Alanna Flax-Clark regains her ability to speak from hippotherapy

"When I was 13 I woke up one morning and could not move or walk on my right foot. I had always been healthy, so this came as a shock."
— Alanna Flax-Clark on her website
Struck by a debilitating and chronic disease that robbed her of a great deal of her mobility and coordination at age 13, Alanna Flax-Clark has found that horses give her the freedom her body can’t. When a severe infection in 2008 left her bedridden and nearly unable to move or speak, Flax-Clark’s doctors prescribed physical therapy. She took it a step further.
More importantly, horses gave her freedom. “When I’m on a horse, it’s hard to tell I’m disabled,” she says. Her equine activities progressed from therapeutic riding to vaulting, a kind of gymnastics on horseback. Flax-Clark made tremendous progress, building on her skills until she was able to compete in vaulting at the walk.
As her strength and coordination improved, she began riding independently and at faster paces. Never one to let her disability stop her, Flax-Clark teamed up with Grand Prix dressage trainer Lehua Custer at the Los Angeles Equestrian Center and began taking lessons in dressage, a riding sport that requires precision of movement and harmony between horse and rider.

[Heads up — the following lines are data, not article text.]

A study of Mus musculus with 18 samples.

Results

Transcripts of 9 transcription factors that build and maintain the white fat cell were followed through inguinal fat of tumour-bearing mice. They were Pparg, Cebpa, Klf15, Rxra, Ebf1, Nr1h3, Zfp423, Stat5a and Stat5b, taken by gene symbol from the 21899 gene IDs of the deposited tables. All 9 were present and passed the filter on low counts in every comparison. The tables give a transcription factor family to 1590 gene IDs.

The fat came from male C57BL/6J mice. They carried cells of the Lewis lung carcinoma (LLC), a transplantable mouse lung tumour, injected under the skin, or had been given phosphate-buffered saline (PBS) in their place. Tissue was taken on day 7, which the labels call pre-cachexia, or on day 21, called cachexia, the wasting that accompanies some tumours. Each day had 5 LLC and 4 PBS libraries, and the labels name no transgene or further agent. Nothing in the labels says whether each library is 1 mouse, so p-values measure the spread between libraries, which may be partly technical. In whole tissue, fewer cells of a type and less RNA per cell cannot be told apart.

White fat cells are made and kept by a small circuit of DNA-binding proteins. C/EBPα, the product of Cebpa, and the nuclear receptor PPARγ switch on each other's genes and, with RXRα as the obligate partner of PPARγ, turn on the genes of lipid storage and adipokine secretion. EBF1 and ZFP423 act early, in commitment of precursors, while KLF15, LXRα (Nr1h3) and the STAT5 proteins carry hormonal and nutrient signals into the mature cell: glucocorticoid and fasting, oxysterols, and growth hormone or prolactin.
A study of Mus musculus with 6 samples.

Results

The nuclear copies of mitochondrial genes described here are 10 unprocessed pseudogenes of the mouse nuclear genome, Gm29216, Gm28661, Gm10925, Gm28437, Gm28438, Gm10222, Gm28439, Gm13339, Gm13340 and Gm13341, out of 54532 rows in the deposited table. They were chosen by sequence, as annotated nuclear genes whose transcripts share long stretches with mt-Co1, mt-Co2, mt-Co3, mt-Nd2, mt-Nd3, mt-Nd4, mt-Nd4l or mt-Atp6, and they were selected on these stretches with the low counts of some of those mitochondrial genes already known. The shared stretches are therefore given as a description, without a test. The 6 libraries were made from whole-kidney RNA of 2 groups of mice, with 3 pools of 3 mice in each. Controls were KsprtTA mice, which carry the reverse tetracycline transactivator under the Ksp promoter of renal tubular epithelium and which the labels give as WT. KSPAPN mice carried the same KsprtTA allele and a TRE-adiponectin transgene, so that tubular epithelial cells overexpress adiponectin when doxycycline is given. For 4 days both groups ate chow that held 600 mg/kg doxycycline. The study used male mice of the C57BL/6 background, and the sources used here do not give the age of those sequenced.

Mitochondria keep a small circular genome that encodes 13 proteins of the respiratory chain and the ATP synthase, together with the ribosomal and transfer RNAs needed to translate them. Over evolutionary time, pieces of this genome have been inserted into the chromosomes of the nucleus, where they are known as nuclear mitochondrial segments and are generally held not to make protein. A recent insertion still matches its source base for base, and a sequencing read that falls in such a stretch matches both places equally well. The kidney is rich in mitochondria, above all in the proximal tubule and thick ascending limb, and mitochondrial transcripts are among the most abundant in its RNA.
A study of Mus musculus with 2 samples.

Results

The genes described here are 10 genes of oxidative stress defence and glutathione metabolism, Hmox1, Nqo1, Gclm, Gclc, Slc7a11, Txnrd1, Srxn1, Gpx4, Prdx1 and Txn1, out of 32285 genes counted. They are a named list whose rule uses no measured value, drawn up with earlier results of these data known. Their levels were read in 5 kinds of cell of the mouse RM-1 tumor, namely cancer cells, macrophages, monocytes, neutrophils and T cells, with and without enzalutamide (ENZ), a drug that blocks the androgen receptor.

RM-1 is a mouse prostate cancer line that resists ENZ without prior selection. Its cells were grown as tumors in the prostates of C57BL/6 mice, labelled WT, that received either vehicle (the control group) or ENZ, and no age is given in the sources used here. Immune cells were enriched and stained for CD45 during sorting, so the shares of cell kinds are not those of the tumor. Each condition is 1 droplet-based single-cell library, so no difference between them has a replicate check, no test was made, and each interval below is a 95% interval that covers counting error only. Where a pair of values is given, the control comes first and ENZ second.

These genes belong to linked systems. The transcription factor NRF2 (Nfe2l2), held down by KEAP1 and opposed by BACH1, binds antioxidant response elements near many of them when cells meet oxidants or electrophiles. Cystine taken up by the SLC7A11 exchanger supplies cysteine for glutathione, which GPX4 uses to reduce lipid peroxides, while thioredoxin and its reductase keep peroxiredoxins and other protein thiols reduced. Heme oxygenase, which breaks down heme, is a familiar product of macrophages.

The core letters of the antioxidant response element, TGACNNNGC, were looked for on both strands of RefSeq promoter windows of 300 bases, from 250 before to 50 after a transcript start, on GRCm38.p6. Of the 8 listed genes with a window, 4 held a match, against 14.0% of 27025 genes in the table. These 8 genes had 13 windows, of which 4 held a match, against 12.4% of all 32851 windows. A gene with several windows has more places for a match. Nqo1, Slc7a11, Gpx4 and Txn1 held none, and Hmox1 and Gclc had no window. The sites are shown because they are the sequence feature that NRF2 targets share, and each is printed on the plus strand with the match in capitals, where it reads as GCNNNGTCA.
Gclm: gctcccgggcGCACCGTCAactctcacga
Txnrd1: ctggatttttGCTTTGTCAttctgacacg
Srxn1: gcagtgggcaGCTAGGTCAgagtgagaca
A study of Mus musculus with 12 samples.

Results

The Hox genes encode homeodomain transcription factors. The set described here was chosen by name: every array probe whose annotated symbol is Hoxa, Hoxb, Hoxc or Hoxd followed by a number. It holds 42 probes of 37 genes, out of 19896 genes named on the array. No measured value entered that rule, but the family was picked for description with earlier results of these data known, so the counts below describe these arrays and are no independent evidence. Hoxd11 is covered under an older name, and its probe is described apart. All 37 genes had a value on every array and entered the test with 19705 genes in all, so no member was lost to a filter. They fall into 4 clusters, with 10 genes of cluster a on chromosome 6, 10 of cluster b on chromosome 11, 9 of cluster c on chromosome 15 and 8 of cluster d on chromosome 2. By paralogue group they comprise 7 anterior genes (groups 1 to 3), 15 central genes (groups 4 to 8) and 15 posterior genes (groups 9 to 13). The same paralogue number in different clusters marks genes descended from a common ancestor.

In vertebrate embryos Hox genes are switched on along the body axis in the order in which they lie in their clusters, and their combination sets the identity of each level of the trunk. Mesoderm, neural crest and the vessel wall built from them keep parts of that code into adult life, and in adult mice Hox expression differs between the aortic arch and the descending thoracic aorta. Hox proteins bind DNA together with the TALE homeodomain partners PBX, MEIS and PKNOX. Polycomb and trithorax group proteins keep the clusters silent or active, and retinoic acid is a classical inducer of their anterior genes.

Flax-Clark now competes in para-dressage, short for parallel dressage, a sport in which disabled riders are judged on the same skills as any other dressage rider. After a two-year search, she and Custer found a suitable horse, Real Erbeo (affectionately known as Royal). He’s a tall, dapple grey Lusitano with a wonderfully kind and generous nature. Flax-Clark hopes he’ll help her pursue her new goal: the 2020 Paralympics in Tokyo!